And yet, machine learning’s influence on finance operations will inevitably grow, accelerating the long transition of the finance function from accounting steward and risk manager to valued business partner who helps drive strategy and identify and exploit business opportunities.

For finance leaders who wish to be part of this process, the way forward involves five key steps:

1. Developing a working understanding of what machine learning is

A branch of artificial intelligence, machine learning refers to the use of algorithms, or computing models, that allow computers to become better at performing a given task through experience rather than programming.

Machine learning is already at work behind the scenes in many everyday applications, from spam filters on your email inbox to the shopping recommendations that pop up while you’re surfing the Web. And now, it’s becoming more popular in finance organizations.

2. Understanding how machine learning can be applied to finance activities

Finance organizations typically find it easiest to take advantage of machine learning in areas that involve repetitive tasks and minimal inputs—classifying business expenses for accounting purposes, for example, or reconciling accounts. As they gain experience, finance organizations can begin to use machine learning to tackle higher-value activities such as fraud detection, forecasting, and, ultimately, strategic planning.

3. Training or acquiring employees with the knowledge and skills necessary to embed machine learning capabilities into their organization’s activities

CFOs don’t need to be experts in building machine learning algorithms, but they do need to build finance organizations with the skill sets needed to take advantage of machine learning. This means employing people who have some understanding of statistics and skills around data science and predictive analytics.

4. Identifying and planning for opportunities to solve problems utilizing machine learning, beginning with simple, quick-win projects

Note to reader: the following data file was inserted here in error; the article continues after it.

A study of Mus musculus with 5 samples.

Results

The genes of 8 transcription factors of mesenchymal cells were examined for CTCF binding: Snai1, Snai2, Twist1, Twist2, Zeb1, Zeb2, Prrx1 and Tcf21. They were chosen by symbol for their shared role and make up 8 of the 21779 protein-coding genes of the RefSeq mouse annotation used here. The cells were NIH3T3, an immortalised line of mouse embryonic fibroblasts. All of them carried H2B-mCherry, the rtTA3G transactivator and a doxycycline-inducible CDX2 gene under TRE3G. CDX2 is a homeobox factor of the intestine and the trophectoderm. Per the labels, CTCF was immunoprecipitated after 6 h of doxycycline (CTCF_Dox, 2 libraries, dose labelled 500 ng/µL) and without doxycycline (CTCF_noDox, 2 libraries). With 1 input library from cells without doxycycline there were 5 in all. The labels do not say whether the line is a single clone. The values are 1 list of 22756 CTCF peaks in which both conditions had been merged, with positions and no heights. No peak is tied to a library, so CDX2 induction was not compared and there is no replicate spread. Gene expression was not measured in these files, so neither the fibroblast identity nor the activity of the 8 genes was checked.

To make the most of their machine learning initiatives, companies need to first think about the problems they’re trying to solve, why they need to be solved, what benefits will be realized by solving them, and what capabilities their solutions will enable. Companies should also take care to ensure that they’re using a good quality data set, since it’s what will be used to train the machine-learning algorithm.

5. Developing an internal culture that understands and embraces what machine learning can do

Finance organizations should take the time to educate employees about what’s being done and help them understand that machine learning is aimed not at replacing them but at freeing them from repetitive, lower-value tasks—empowering them to engage in higher-value activities and analysis.

Creating this sort of culture is important because companies don’t want employees to feel alienated by, and push back against, machine learning initiatives.

Machine learning algorithms are already being used by many organizations, and will only become more commonplace with time. Finance organizations need to be part of that process. To succeed, finance leaders need to be thoughtful and methodical about their approach to adoption.

This article has been adapted from a longer, more in-depth look at machine learning and finance organizations. Register here to read the full text.